The first month of the Scholarly Kitchen was inauspicious — 29 views, and a few short posts. Now, five years later, we have 100,000 views per month routinely, despite the quiltwork of topics we cover; we have thousands of email and Twitter followers; and the Chefs represent a wide range of perspectives and interests and are uniformly excellent writers.
We even have a “road show” version that has played in the US, the UK, and as the closing session at the last few SSP Annual Meetings.
When this first started, I pledged to commit a year to it, in order to see if it could take off and flourish. After all, it takes a while to build an audience, find your editorial footing, and work out the kinks. Luckily, the superb network of volunteers SSP cultivates was ready and willing to help within weeks of the launch. From Howard Ratner to Phil Davis to David Crotty, writers with great experience and serious writing chops were soon on board.
And, boy, did they write, as you can see from some of our most popular and interesting posts over the past five years include:
- PLoS ONE: Is a High Impact Factor a Blessing or a Curse?
- Open Access Publisher Accepts Nonsense Manuscript for Dollars
- The Emergence of a Citation Cartel
- Why Hasn’t Scientific Publishing Been Disrupted Already?
- E-books and the Personal Library
- A New Publishing Ecosystem Emerges
- The Typography of Authority — Do Fonts Affect How People Accept Information?
We’ve been quoted in the New York Times, have our own Wikipedia page, and were nominated for a Webby in 2010, along with some major blogs from major media.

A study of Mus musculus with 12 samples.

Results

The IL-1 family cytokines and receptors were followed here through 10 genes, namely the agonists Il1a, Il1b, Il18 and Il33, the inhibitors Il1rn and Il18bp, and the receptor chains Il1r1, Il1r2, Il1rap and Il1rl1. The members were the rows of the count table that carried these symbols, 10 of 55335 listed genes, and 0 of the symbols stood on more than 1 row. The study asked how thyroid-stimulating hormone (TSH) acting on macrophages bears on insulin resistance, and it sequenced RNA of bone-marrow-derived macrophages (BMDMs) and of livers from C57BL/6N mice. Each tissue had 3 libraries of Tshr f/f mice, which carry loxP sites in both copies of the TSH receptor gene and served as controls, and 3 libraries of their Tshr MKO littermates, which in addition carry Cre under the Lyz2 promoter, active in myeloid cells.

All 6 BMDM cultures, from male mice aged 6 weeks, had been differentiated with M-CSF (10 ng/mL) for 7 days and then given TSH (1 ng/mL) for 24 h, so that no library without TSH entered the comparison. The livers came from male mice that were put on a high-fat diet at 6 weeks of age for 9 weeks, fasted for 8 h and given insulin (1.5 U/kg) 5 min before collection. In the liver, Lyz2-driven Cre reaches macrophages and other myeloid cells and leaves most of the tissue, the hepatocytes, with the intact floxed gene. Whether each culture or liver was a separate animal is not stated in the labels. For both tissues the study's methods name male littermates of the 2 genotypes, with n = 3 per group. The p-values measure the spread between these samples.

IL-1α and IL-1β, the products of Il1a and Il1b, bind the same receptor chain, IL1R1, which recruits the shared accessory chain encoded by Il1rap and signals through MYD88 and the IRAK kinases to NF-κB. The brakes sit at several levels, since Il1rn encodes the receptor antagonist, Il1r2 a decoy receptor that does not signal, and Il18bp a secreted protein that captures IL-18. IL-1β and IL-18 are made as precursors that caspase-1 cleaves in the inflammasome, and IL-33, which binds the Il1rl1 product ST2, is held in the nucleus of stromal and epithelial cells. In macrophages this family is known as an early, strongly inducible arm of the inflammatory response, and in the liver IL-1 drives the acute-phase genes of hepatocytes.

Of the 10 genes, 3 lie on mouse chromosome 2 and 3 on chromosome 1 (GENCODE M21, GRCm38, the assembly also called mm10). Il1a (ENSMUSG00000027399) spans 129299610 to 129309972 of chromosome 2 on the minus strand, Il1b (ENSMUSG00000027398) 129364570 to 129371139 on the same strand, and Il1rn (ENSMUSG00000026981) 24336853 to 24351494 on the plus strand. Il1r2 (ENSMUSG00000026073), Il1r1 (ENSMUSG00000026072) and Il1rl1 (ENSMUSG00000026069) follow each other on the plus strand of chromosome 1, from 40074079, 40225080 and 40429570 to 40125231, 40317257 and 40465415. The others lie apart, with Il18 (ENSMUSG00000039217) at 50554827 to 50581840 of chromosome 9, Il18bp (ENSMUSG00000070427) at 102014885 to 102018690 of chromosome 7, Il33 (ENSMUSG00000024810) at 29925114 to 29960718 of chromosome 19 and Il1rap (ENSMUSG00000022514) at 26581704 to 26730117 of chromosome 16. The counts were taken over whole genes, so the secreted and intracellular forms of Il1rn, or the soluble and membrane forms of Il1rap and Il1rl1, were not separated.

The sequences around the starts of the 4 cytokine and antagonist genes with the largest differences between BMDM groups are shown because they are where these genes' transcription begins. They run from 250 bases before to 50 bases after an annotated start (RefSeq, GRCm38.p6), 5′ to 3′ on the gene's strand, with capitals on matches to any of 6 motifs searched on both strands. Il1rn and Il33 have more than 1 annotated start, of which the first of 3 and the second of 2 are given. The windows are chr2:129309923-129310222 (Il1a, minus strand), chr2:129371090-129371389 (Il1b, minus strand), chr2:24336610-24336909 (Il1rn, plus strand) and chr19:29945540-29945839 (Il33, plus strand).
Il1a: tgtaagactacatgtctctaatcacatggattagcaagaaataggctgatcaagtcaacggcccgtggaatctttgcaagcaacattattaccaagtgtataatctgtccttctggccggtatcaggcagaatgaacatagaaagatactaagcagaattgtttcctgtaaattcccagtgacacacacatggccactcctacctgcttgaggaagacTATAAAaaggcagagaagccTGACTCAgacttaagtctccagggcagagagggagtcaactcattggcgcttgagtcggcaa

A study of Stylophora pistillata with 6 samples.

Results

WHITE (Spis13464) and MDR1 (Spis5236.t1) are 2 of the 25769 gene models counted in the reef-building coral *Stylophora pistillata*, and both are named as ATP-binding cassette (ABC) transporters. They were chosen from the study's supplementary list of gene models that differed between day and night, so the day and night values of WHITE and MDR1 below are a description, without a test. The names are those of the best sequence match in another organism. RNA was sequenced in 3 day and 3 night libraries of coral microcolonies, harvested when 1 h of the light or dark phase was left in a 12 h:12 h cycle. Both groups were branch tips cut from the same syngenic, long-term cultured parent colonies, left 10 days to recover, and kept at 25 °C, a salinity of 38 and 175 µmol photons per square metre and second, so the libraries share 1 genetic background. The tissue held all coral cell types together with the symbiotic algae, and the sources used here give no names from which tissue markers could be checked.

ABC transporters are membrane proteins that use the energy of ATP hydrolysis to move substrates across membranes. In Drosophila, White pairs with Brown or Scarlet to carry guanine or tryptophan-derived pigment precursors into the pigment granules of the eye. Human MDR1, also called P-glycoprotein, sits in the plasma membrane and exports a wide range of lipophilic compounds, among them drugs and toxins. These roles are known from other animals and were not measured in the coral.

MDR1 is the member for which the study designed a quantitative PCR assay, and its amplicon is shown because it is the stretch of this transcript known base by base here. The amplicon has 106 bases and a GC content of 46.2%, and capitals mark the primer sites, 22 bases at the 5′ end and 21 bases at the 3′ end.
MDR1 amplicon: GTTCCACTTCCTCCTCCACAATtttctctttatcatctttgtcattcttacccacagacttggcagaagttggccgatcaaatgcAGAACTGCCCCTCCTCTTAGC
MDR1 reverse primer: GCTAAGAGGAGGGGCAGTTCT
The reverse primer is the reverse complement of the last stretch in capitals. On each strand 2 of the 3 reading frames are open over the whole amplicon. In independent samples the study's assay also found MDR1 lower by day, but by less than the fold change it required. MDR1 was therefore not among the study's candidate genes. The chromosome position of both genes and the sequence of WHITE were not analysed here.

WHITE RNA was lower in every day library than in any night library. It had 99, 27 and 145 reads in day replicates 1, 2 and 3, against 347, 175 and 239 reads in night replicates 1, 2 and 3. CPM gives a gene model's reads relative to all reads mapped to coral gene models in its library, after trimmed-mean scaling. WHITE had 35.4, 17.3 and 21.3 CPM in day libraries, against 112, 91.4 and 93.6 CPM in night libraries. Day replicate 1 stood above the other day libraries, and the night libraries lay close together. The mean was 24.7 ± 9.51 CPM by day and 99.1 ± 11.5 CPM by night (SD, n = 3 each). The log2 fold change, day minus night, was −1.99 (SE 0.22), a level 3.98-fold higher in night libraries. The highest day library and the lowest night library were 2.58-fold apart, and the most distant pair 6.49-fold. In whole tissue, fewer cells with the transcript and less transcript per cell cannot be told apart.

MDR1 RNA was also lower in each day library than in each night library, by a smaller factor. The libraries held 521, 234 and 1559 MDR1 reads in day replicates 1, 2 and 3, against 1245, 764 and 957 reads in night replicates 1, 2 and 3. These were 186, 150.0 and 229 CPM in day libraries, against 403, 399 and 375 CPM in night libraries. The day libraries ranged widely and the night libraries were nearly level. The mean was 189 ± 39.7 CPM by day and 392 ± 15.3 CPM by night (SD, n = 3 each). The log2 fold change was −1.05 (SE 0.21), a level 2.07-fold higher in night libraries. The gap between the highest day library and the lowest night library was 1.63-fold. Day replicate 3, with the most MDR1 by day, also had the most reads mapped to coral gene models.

Today, after more than 1,600 posts, 17,000 comments, and thousands of Twitter and email and RSS followers, we have assembled a slate of productive authors, have excellent commentary on our posts, and produce a steady stream of interesting topics. Best of all, from my perspective, we’re still a bit audacious in what we’ll tackle and in the opinions we’ll put out there. We risk being unpopular if we think it’s the right thing to do. This kind of independence is right for scholars, for scholarly publishers, and for independent thinkers everywhere.
Throughout it all, I have to thank the tremendously smart and interesting bloggers who write here and have written here; the SSP for their dedication to our independence; and our readers for hanging with us as we’ve learned and grown. I also want to especially thank our executive editor, Phil Davis, for his diligence, courage, and frank opinions as we’ve moved ahead. And for his posts, which always make the turnstiles click.
A half decade already? It feels like we’re just getting started.